Giving Thanks for Baseball: Ryan Westmoreland

Ryan in July 2009. Photo courtesy of Kelly O'Connor/ and used with permission.

There’s a meme all over the Internet this month where folks list something every day that they are thankful for.  I have a difficult time being that open about my real life online so I decided to modify it for my blog and make it about things I’m thankful for in relation to baseball.

I had planned to write about something relatively shallow (in comparison to what I’m actually writing about) this morning until I read this article by Brian MacPherson of the Providence Journal about Ryan Westmoreland.

He has suffered no recent setbacks in his recovery from the surgery he underwent in mid-March to remove a cavernous malformation from his brain. He’s even regularly taking live batting practice two or three days a week.

“It’s more coordinated and more clear than it was,” he said with palpable enthusiasm. “Every time, it gets better. My eyes are seeing it better. My body is reacting. I’m at a real good pace. I’m not trying to rush anything, but I feel real good about hitting.”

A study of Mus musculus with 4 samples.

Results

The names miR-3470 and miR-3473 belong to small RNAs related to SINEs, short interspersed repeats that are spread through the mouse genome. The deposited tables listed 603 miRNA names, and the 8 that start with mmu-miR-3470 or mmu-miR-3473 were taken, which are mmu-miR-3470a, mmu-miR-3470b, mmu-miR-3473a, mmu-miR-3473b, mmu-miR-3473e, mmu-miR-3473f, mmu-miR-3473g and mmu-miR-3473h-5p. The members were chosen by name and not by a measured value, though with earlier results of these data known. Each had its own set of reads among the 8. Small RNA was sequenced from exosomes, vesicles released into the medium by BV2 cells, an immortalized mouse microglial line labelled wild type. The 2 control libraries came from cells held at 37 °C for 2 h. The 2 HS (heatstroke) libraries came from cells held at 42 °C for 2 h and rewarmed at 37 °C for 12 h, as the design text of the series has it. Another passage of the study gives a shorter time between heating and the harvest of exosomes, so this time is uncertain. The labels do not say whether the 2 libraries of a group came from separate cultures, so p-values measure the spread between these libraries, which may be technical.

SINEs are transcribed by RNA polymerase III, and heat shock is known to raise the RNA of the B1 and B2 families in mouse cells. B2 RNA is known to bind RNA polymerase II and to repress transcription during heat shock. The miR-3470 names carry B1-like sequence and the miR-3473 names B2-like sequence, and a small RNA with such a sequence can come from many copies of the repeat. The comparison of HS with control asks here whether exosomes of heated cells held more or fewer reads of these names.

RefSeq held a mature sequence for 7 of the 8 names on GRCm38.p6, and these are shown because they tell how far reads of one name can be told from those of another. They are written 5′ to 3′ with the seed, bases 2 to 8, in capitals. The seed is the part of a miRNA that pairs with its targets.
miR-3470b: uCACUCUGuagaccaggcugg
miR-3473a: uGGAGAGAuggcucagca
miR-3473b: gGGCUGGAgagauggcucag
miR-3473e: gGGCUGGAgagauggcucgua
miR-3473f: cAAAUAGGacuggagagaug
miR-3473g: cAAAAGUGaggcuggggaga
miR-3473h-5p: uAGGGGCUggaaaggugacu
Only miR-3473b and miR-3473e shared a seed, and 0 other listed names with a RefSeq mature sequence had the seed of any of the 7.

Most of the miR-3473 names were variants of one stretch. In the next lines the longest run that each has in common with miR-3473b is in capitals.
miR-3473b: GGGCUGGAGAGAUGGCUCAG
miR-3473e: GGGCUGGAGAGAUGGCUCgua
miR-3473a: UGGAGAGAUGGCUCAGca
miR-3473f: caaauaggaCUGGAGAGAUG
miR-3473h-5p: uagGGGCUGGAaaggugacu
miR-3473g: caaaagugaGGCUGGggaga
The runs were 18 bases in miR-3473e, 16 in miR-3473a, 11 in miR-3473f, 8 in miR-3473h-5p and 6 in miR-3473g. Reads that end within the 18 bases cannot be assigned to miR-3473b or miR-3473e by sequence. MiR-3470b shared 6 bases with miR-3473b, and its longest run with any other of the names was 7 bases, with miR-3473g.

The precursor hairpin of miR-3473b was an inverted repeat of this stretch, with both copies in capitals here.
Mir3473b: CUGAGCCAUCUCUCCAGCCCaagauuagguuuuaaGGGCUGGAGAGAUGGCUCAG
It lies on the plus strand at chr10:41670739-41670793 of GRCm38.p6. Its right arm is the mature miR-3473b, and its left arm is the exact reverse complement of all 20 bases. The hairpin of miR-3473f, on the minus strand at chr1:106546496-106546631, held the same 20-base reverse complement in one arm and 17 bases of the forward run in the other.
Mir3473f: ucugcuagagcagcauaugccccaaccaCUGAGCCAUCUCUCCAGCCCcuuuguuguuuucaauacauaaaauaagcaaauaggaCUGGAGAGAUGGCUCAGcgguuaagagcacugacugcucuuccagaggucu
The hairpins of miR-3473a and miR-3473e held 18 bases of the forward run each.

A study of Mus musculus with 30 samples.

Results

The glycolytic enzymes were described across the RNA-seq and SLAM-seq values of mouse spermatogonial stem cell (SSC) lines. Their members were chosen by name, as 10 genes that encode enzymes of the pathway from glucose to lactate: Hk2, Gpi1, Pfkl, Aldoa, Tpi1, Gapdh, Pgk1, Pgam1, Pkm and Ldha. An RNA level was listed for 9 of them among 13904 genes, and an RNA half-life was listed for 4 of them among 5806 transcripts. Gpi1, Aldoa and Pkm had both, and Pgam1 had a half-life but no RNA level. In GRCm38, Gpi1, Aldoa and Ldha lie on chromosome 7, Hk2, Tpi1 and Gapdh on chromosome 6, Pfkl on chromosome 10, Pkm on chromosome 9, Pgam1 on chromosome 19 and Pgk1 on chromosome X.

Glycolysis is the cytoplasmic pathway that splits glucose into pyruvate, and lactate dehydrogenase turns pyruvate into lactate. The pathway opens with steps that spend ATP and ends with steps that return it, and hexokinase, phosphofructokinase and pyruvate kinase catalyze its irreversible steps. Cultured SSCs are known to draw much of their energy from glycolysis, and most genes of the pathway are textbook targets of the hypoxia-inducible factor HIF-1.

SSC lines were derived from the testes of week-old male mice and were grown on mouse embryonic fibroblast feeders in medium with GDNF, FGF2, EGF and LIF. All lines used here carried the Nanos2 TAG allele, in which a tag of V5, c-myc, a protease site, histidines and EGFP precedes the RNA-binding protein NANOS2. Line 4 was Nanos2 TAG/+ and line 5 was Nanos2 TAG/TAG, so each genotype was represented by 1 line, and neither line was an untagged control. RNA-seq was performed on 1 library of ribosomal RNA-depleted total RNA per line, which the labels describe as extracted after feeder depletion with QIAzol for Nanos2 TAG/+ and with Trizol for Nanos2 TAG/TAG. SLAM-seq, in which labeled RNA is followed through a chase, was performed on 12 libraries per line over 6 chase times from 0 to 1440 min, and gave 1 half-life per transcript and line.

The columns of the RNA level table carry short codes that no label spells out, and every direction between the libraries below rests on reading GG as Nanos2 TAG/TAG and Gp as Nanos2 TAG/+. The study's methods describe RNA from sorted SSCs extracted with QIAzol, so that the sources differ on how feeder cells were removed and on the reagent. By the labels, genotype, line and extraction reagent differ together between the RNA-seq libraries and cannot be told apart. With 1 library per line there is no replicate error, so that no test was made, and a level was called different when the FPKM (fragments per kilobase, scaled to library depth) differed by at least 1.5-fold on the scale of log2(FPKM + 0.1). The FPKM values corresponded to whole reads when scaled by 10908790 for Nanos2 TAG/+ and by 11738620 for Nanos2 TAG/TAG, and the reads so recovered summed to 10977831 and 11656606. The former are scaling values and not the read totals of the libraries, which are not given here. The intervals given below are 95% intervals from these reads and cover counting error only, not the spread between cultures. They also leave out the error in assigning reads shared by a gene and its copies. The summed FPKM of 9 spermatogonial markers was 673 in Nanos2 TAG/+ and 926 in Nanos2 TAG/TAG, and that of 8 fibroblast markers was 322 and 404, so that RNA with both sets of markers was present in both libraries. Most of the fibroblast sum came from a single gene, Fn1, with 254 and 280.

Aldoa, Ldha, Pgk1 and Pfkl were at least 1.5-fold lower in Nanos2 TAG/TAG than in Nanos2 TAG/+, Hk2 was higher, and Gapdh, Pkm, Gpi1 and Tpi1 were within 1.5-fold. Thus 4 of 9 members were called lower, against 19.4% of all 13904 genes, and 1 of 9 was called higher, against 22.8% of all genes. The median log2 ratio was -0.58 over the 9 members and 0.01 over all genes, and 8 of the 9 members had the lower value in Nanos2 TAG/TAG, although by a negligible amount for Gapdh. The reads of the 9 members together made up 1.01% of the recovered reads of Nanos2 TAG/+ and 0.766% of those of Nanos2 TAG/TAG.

The plan is for Westmoreland to spend most of the winter in Fort Myers — he’ll come back to Rhode Island for a couple of weeks for Christmas and New Year’s Day — all the way up until the start of spring training in February.

The idea that he’s not only recovering well, but able to do anything baseball-related this soon is inspiring to me.   It’s difficult for me to imagine that along with the regular recovery anyone going through rehabilitation post-brain surgery he can also focus on the physical aspects of baseball.  No one really knows how long it will take Ryan to fully recover and we have no idea if he’ll ever be able to truly play baseball on a professional level, but for now it’s encouraging to read these updates about how he is slowly getting back into his “normal” life.

So today, I’m thankful that Ryan Westmoreland is able to tweet and go to football games and hang out with his girlfriend…doing most of the things 20 year-olds should be able to do.  And I’m grateful that Brian MacPherson is keeping us up to date on him.